In ecosystems, organisms compete for the resources they need to survive, grow, and reproduce. Animals compete for air, food, shelter, water, and space. Plants also compete with each other for the resources they need, including air, water, sunlight, and space. These interactions within an ecosystem help keep the populations of various organisms in balance and are necessary to keep an ecosystem healthy.
To better understand the competition in ecosystems…
LET’S BREAK IT DOWN!
Environmental factors affect competition for resources.
Competition for resources affects an organism’s ability to survive, grow, and reproduce. For example, the gray fox can live in many places across the United States. However, if resources are limited, the fox’s ability to grow is affected. Plants can be affected in the same way. For example, plants will not reach their full height and width if they do not have enough space to grow.
Genetic factors affect an organism’s ability to survive.
Many genetic factors affect a plant or animal’s ability to survive. Genetic factors include traits that are inherited from parents. Traits can include leg length, which can affect an animal’s ability to run to either catch something to eat or avoid being eaten. Genetic factors also affect things like fur and feather color, which can provide camouflage or attract a mate for reproduction.
Food webs show the transfer of energy and matter within an ecosystem.
A food web is a model that can be used to show the interactions between living things in an ecosystem. Food webs are used to explain how energy and matter are transferred between various organizational levels. The arrows in a food web indicate where energy and matter are transferred from and what organism receives the energy and matter.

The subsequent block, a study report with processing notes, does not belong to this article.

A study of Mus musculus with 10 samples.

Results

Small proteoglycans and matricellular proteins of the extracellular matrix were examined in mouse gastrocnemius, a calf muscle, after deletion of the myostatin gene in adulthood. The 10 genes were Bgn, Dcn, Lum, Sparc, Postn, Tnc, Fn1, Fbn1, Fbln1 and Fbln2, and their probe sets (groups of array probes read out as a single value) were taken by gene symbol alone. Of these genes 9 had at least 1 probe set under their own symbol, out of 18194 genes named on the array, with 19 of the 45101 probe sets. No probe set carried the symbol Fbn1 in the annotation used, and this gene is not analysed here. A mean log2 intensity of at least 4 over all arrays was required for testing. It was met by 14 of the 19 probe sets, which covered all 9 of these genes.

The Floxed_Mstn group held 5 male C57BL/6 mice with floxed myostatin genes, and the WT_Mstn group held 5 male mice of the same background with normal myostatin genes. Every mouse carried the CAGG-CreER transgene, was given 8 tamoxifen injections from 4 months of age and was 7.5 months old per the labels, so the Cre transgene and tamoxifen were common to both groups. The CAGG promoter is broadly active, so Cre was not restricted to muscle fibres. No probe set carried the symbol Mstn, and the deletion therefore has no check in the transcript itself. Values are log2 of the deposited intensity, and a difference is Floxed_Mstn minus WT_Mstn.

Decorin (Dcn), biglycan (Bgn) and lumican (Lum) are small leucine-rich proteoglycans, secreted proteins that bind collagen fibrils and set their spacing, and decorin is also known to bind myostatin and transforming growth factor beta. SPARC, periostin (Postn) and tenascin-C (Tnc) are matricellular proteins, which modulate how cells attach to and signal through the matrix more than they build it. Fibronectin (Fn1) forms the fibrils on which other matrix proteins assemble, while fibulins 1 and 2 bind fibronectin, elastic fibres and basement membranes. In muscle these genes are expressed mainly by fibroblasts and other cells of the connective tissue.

Invasive species can affect ecosystems in many ways.
Invasive species are organisms that are not native to an ecosystem. Invasive species can appear for many different reasons. For example, animals can carry and spread seeds to different areas where they don’t belong because the seeds are on their fur on in their waste. Usually, invasive species are carried to different ecosystems by humans (sometimes accidentally and sometimes on purpose). For example, feral pigs were brought here by early explorers as a source of food but are not common in the southern United States.
There are many careers that study populations.
Many scientists study populations of living things, including wildlife biologists. Wildlife biologists are scientists who make observations and collect data from different populations and population interactions in ecosystems. Wildlife biologists help track populations that may be endangered, and they move animals within ecosystems when an area is becoming overpopulated.